Ma’an News has a “sob” story about female palestinian terrorists who, after being released from Israeli jails, find men aren’t exactly beating down their doors to be with them.
In many cases, ex-female prisoners either get divorced or remain single into old age if unmarried.
Wafaa al-Bis, an ex-prisoner from Gaza, was detained in 2005 and sentenced to 12 years for allegedly planning an operation against Israel.
She was released after seven years and told Ma’an she suffers from marginalization, exclusion and degrading treatment.
“Our society views freed female prisoners as women who were raped. My question is whether they think female prisoners were raped willingly or raped while their hands were cuffed!” she told Ma’an.
Wafaa has third degree burns from a past accident and complains that it is hard for her to get medical treatment due to her status as an ex-prisoner.
“I can’t obtain the very basic rights of getting appropriate treatment as a freed prisoner,” she said. She has contacted several Palestinian officials, but to no avail.
When Fatima al-Ziq began taking part in resistance activities she was married and had eight children.
She was arrested while pregnant, and gave birth in jail. Upon her release, she said all doors were closed on her and she had to beg for her rights.
“We do not seek anybody’s gratitude and praise even though we spent the prime of our youth in jail defending our homeland. However, we hope doors will not be shut to us as stragglers who fought on the front-lines.”
Zahiyya Nofal was imprisoned for three years on charges of possessing weapons and helping resistance fighters. She was arrested when she was only 16, and upon being released her parents arranged for her to marry a Bedouin man.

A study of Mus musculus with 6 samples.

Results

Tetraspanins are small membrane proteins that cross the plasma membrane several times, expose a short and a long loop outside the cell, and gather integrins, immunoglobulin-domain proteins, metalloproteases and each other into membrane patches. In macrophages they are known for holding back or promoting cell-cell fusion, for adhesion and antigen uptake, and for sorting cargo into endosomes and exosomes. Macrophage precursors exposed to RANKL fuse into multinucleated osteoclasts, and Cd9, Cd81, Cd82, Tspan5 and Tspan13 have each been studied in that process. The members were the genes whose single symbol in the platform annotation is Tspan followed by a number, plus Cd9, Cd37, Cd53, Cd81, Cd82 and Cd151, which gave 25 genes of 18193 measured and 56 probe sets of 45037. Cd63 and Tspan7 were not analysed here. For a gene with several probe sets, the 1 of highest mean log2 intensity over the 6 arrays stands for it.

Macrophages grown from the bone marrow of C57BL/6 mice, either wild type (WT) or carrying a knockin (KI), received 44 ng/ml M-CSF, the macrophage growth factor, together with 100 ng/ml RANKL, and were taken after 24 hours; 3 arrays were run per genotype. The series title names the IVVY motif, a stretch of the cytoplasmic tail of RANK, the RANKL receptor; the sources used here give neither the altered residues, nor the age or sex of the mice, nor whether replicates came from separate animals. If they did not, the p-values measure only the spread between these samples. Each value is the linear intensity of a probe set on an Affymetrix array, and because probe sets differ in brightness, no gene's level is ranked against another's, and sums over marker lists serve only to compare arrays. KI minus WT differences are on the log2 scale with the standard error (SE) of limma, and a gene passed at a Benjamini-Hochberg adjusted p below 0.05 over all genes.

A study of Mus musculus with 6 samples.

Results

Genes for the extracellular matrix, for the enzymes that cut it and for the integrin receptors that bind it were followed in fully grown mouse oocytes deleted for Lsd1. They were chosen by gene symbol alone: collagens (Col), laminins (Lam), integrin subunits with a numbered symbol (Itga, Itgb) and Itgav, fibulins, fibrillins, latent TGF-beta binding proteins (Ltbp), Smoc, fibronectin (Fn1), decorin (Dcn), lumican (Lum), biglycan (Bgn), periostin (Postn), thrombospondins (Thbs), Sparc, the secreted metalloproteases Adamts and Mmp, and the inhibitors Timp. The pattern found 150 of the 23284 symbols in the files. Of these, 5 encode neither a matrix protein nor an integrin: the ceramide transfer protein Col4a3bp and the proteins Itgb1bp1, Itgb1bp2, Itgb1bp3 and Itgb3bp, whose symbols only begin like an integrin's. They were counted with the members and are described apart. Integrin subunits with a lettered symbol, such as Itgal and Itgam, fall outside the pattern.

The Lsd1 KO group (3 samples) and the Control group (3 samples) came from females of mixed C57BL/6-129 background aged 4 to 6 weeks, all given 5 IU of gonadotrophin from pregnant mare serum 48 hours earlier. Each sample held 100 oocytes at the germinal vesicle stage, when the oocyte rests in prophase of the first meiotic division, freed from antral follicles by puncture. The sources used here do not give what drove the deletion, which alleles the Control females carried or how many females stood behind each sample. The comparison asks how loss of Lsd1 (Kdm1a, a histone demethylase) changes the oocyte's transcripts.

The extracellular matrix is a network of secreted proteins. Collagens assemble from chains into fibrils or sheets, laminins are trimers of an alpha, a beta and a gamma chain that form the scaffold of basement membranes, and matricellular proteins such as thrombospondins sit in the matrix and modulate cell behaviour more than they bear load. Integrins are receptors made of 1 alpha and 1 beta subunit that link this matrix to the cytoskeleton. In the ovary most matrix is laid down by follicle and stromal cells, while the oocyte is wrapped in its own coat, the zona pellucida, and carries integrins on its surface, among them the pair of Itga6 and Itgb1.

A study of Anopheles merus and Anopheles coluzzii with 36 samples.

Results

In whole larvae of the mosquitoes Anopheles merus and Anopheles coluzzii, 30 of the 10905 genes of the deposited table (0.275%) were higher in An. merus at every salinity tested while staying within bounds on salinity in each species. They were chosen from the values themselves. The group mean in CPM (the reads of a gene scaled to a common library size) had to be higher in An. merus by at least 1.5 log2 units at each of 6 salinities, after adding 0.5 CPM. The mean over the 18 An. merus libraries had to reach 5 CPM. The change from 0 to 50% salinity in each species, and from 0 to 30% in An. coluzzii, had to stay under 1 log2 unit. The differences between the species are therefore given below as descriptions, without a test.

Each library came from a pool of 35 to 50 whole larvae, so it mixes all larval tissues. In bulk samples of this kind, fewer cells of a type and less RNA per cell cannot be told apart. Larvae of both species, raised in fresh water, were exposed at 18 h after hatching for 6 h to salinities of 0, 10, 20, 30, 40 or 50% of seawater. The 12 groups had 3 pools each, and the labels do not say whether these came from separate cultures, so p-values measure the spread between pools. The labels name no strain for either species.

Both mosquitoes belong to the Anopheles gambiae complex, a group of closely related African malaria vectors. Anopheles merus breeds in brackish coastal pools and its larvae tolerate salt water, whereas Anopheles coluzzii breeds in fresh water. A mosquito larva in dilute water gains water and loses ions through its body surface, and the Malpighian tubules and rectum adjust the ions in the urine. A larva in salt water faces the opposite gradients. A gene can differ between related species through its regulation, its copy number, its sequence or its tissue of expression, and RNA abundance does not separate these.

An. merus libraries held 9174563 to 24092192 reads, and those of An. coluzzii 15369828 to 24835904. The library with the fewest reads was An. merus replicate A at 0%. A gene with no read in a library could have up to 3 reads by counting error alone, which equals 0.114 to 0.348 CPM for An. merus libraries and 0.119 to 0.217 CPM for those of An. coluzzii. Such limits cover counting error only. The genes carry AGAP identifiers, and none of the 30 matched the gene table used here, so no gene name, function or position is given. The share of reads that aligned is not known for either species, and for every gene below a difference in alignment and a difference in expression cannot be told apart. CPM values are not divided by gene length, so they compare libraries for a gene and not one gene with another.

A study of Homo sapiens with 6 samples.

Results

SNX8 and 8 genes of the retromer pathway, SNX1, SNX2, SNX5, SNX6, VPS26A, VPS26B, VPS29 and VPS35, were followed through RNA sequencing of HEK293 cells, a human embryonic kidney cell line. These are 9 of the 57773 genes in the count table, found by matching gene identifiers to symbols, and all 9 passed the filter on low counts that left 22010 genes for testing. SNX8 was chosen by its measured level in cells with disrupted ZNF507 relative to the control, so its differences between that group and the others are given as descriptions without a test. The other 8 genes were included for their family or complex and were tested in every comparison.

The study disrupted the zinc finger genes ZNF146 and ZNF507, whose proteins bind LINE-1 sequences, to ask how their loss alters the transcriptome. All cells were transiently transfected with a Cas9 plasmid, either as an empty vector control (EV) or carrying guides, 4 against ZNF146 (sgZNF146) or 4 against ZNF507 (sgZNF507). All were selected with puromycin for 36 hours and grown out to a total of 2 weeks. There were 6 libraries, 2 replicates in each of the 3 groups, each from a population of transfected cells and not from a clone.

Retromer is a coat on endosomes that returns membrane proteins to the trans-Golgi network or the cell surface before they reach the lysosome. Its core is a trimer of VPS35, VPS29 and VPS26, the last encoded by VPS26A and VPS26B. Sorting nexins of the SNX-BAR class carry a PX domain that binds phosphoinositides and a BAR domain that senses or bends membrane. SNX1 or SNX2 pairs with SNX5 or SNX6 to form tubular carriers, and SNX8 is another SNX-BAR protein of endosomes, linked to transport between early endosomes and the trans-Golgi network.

Despite giving birth to two children, when her husband learned that she had been in jail he began to assault her on a daily basis and called her a “terrorist.”
He filed for divorce and denied her access to her children, she said.
Given the attitude by many towards ex-female prisoners, Ruab Rajoubi decided to abstain from marriage. She was jailed for three years on charges of assisting fighters in 1996.
She said many families are “embarrassed” that their female relatives were in jail.
Dala Abu Qamar agrees that life is difficult after leaving jail. She agreed to be a second wife after she was freed in 1982. She was affiliated to the Popular Front for the Liberation of Palestine.
“Nobody will propose to a freed prisoner, due to the degrading view. I paid a heavy toll for the sacrifices I made toward my homeland. I was divorced after I gave birth to two children.”
The question is does the society look down on the woman for being in jail because of what they did to get in to jail, or because of what were not able to do before getting caught.